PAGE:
An international team of physicists has published the first calculation of direct "CP" symmetry violation: how the behavior of subatomic particles (in this case, the decay of kaons) differs when matter is swapped out for antimatter. Should the prediction represented by this calculation not match experimental results, it would be conclusive evidence of new, unknown phenomena that lie outside of the Standard Model.
Our sun is a relatively quiet star that only occasionally releases solar flares or blasts of energetic particles that threaten satellites and power grids. You might think that smaller, cooler stars would be even more sedate. However, astronomers have now identified a tiny star with a monstrous temper. It shows evidence of much stronger flares than anything our sun produces.
Usually, it’s a tradeoff: If you want maximum physical protection, whether from biting predators or exploding artillery shells, that generally compromises your ability to see. But sea-dwelling creatures called chitons have figured out a way around that problem: Tiny eyes are embedded within their tough protective shells, with their transparent lenses made of the same ceramic material as the rest of their shells—and just as tough.
There's an ancient group of algae that evolved in the world's oceans before our backboned ancestors crawled onto land. They are so numerous that their gigantic blooms can affect the weather, and they account for 30 to 40% of all photosynthesis in the world's oceans. But until recently, scientists interested in these single-celled creatures knew next to nothing about their genes.
Glioblastoma multiforme, a cancer of the brain also known as “octopus tumors” because of the manner in which the cancer cells extend their tendrils into surrounding tissue, is virtually inoperable, resistant to therapies, and always fatal, usually within 15 months of onset. Each year, glioblastoma multiforme kills approximately 15,000 people in the U.S.
Atomic-level imaging of catalysts by scientists at Oak Ridge National Laboratory could help manufacturers lower the cost and improve the performance of emission-free fuel cell technologies. Fuel cells rely on costly platinum catalysts to enable the reactions that convert chemical energy into electricity.
Researchers at Bringham Young Univ. have devised a system to speed up the process of making life-saving vaccines for new viruses. Their concept is to create the biological machinery for vaccine production en masse, put it in a freeze-dried state and stockpile it around the country. Then, when a new virus hits, labs can simply add water to a “kit” to rapidly produce vaccines.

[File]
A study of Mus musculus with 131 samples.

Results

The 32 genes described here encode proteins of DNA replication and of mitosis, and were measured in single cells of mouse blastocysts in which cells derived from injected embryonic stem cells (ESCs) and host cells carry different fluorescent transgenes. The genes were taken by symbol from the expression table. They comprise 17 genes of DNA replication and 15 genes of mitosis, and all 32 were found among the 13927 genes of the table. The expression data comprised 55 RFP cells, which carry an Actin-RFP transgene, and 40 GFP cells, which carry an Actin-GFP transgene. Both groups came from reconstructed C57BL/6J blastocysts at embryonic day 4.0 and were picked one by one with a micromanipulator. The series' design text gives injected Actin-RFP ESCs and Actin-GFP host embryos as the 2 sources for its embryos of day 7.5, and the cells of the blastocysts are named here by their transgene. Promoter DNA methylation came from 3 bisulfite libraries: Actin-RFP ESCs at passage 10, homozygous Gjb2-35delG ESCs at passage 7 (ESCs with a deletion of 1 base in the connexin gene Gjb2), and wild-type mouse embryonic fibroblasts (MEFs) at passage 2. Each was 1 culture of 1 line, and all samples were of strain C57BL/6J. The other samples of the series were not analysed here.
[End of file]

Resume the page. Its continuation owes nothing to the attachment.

Scientists are taking the temperature of ancient seas to discover how they’ve shaped global climate. In a study published in Nature Geoscience, a Yale Univ.-led research team explored differences in ocean temperatures over the last 5 million years. The team created a historical record for sea temperature gradients and compared it with state-of-the-art climate model simulations.
The recent boom in 3-D printing has driven innovations in fields as disparate as haute couture and medical implants. But little is known about the safety of the materials used. In a new study scientists showed that some 3-D printed parts are highly toxic to zebrafish embryos. Their findings could have implications not only for aquatic life but also for hobbyists, manufacturers and patients.
An insulin pill being developed by researchers at the Univ. of California, Santa Barbara may in the near future give another blood sugar management option to those who suffer from diabetes. The novel drug delivery technology may also apply to a wide spectrum of other therapies.
In certain nanomaterials, electrons are able to race through custom-built roadways just one atom wide. To achieve excellent efficiency, these 1-D paths must be paved with absolute perfection—a single errant atom can stop racing electrons in their tracks or even launch it backwards. Unfortunately, such imperfections are inevitable.
Dark matter is called "dark" for a good reason. Although they outnumber particles of regular matter by more than a factor of 10, particles of dark matter are elusive. Their existence is inferred by their gravitational influence in galaxies, but no one has ever directly observed signals from dark matter.
When the brain forms memories or learns a new task, it encodes the new information by tuning connections between neurons. Massachusetts Institute of Technology neuroscientists have discovered a novel mechanism that contributes to the strengthening of these connections, also called synapses.
As anyone who has experienced turbulence knows, its onset and departure are abrupt, and how long it lasts seems to be unpredictable. Fast flowing fluids are always turbulent, but at slower speeds the flow transitions to smooth and predictable (laminar) with intermittent patches of turbulence. In the human body, transitional turbulence can be deadly.